HARTFORD, Conn. (AP) _ Gov. Dannel P. Malloy said Tuesday that he is disappointed in the number of out-of-state crews that have arrived to help Connecticut restore power to hundreds of thousands of customers, saying promises of help following a weekend nor’easter have not been fulfilled.

As of midday, about 675,000 Connecticut Light and Power and 3,600 United Illuminating customers remained without electricity, the largest block of outages in the region.

“We’re underwhelmed by the support that we’re getting from outside the state,” Malloy said. “We’ve been disappointed in the execution of some of the promises that have been made.”

Malloy called on the U.S. Department of Energy to intercede and the agency’s deputy assistant secretary said Tuesday that more assistance is coming to the region. He said 6,000 workers, managed by The Edison Electric Institute _ an association of electric companies _ are “on the hook” to come to the region to remove trees and debris and restore power.
“If you look at the outages in Connecticut, which basically equal the outages of all the other places combined, you really don’t have yet a fair distribution of workers, mutual assistance teams out here doing this,” said Bill Bryan, the DOE’s deputy assistant secretary. “We will be making some calls and making sure that we can get that adjusted.”

Bryan said local utilities have been overwhelmed, calling it “a tremendous undertaking” to restore power following a snow storm that pulled down countless trees, many still with leaves. Bryan said it will take longer to get power back up compared to the remnants of Hurricane Irene because transmission lines have been damaged. Only 13 of 29 downed transmission lines are back up and running.

He said the transmission lines must be restored before the distribution lines can be fixed.

“They have to get the transmission grid up,” he said. “If that’s in another area, outside of the region, that’s got to be up and running first.”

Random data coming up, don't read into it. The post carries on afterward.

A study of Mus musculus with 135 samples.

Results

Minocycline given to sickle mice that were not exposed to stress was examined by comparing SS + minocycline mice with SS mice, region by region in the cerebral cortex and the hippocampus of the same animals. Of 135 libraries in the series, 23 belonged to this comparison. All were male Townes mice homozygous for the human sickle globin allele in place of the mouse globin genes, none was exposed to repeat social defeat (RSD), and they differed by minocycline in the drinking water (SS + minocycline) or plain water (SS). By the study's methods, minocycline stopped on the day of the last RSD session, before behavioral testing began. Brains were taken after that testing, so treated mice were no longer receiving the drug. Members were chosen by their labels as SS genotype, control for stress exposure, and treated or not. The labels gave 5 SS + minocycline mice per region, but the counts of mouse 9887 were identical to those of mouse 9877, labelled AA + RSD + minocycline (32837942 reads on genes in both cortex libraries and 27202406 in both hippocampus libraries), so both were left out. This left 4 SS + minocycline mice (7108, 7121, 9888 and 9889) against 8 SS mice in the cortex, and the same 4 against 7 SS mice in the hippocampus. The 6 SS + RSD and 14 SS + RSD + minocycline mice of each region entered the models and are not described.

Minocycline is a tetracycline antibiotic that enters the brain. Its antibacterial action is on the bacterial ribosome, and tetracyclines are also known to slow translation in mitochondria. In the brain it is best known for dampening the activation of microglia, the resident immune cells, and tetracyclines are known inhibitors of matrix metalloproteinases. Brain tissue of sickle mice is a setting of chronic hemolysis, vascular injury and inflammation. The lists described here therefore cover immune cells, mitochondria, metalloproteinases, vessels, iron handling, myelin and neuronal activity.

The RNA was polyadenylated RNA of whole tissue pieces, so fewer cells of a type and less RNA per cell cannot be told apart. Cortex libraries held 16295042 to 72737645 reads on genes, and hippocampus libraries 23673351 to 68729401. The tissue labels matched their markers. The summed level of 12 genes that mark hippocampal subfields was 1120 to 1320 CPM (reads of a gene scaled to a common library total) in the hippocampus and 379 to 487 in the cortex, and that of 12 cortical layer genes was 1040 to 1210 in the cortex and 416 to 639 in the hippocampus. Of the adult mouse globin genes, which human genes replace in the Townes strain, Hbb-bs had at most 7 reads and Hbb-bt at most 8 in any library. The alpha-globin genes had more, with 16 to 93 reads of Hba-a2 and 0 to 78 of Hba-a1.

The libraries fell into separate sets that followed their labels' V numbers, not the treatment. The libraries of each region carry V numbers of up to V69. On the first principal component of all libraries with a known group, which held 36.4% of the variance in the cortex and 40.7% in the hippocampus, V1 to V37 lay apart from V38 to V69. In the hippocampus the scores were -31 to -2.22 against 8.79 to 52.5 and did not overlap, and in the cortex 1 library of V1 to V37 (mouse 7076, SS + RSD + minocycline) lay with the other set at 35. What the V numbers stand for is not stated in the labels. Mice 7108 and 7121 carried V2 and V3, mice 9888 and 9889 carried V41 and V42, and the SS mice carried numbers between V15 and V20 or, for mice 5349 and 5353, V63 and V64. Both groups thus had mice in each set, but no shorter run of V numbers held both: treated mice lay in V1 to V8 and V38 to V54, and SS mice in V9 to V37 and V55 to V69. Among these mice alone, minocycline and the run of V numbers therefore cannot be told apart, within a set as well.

Asked for a projection as to when power will finally be restored in Connecticut, Malloy and Bryan did not give a specific date.
“I don’t think it’s going to be weeks. Some folks, maybe,” said Bryan. He said once more out-of-state crews get in place in Connecticut, the restoration numbers will jump rapidly.

Katie Blint, a spokeswoman for CL&P, 570 crews from other companies were helping the utility’s 200 regular crews Tuesday, and the total number of crews was expected to hit 1,200 by the end of the week. But some customers, she said, may not see their power back until next week.

“We’ve had to go to as many as 15 states to request crews,” Blint said. “We certainly understand the hardship this is causing and we’re doing our best out there.”

    (Copyright 2011 by The Associated Press.  All Rights Reserved.)

Comments (3)
  1. taxpayer says:

    Maybe people don’t like Connecticut and that is why they don’t want to come help. Malloy, have some of the able bodied hispanics on welfare slear the trees rather than sitting at home making more paychecks, er babies?

  2. Dreaded Hispanic says:

    Well this “Hispanic” is also a taxpayer so I guess it’s not the problem. By the way, I am not or have EVER been on welfare and that applies to all of my family members. Just PERHAPS my property taxes are helping subsidizing your children’s education unless they’re in private schools.
    Try barking up another tree.

  3. john says:

    I’m very disappointed with Malloy He REFUSES to set up even one shelter in the state of CT to allow both humans and animals.